As the coronavirus continues its spread across New York, concern about workers in the gig economy – who largely aren’t afforded paid time off or sick leave – and their potential vulnerability to the virus grows as well. In response, a handful of gig economy companies are now announcing steps to protect some of those workers.
Uber said on Friday that it would compensate any of its drivers who are diagnosed with coronavirus or quarantined under order of a public health authority, paying for up to 14 days of missed pay. Lyft, too, said on Sunday that it would provide funds to drivers who are infected or quarantined by a public health authority. The Wall Street Journal also reported that Uber, Lyft, DoorDash, and Postmates are all in talks to band together to fund potential payments to affected drivers, and are expected to make a decision about how to do so in the coming days.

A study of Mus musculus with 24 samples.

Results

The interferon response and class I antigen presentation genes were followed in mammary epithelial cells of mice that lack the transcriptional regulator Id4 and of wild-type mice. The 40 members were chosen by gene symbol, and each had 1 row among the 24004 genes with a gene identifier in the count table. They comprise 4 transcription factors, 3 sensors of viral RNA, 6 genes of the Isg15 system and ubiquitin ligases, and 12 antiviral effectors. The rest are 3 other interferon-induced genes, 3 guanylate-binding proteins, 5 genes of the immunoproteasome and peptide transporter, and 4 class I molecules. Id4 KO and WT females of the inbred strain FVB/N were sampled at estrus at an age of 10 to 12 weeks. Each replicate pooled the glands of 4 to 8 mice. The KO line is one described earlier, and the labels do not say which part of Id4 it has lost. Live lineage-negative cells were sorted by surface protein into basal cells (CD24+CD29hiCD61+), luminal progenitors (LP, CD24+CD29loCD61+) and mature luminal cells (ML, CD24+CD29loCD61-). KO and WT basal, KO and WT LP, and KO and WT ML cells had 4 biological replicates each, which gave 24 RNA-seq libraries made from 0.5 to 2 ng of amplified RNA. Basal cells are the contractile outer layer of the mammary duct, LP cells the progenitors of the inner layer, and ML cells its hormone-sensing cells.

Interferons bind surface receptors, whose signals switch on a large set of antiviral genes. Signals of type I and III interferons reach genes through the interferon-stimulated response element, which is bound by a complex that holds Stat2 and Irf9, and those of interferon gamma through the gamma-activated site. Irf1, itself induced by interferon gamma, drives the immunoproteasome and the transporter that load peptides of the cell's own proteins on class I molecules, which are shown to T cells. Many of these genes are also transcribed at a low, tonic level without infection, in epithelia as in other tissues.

Most gig economy workers like Uber drivers are classified as independent contractors and not employees, meaning they don’t have protections like paid sick leave or health insurance – although legislation and a task force in Albany could change that status. In New York City, new minimum-pay rules for ride-hail drivers for companies like Uber, Lyft, and Via does afford those workers some paid time off.
But for the most part, if delivery cyclists, on-demand task-doers and other gig economy workers are feeling sick and want to follow public health guidance to stay home during the coronavirus outbreak, they’ll lose out on income. Lawmakers at the federal, state, and local levels have called on gig economy companies to provide financial assistance to keep their workers from having to choose between their health and their paychecks. New York City Councilman Brad Lander sent a letter on Thursday to companies like Uber, Lyft, and DoorDash, calling on executives to do just that. “It is incumbent on you to take steps to protect your workforce, your customers, and the broader public from the spread of the virus – beginning with providing paid sick days to your workers during this public health crisis,” Lander wrote.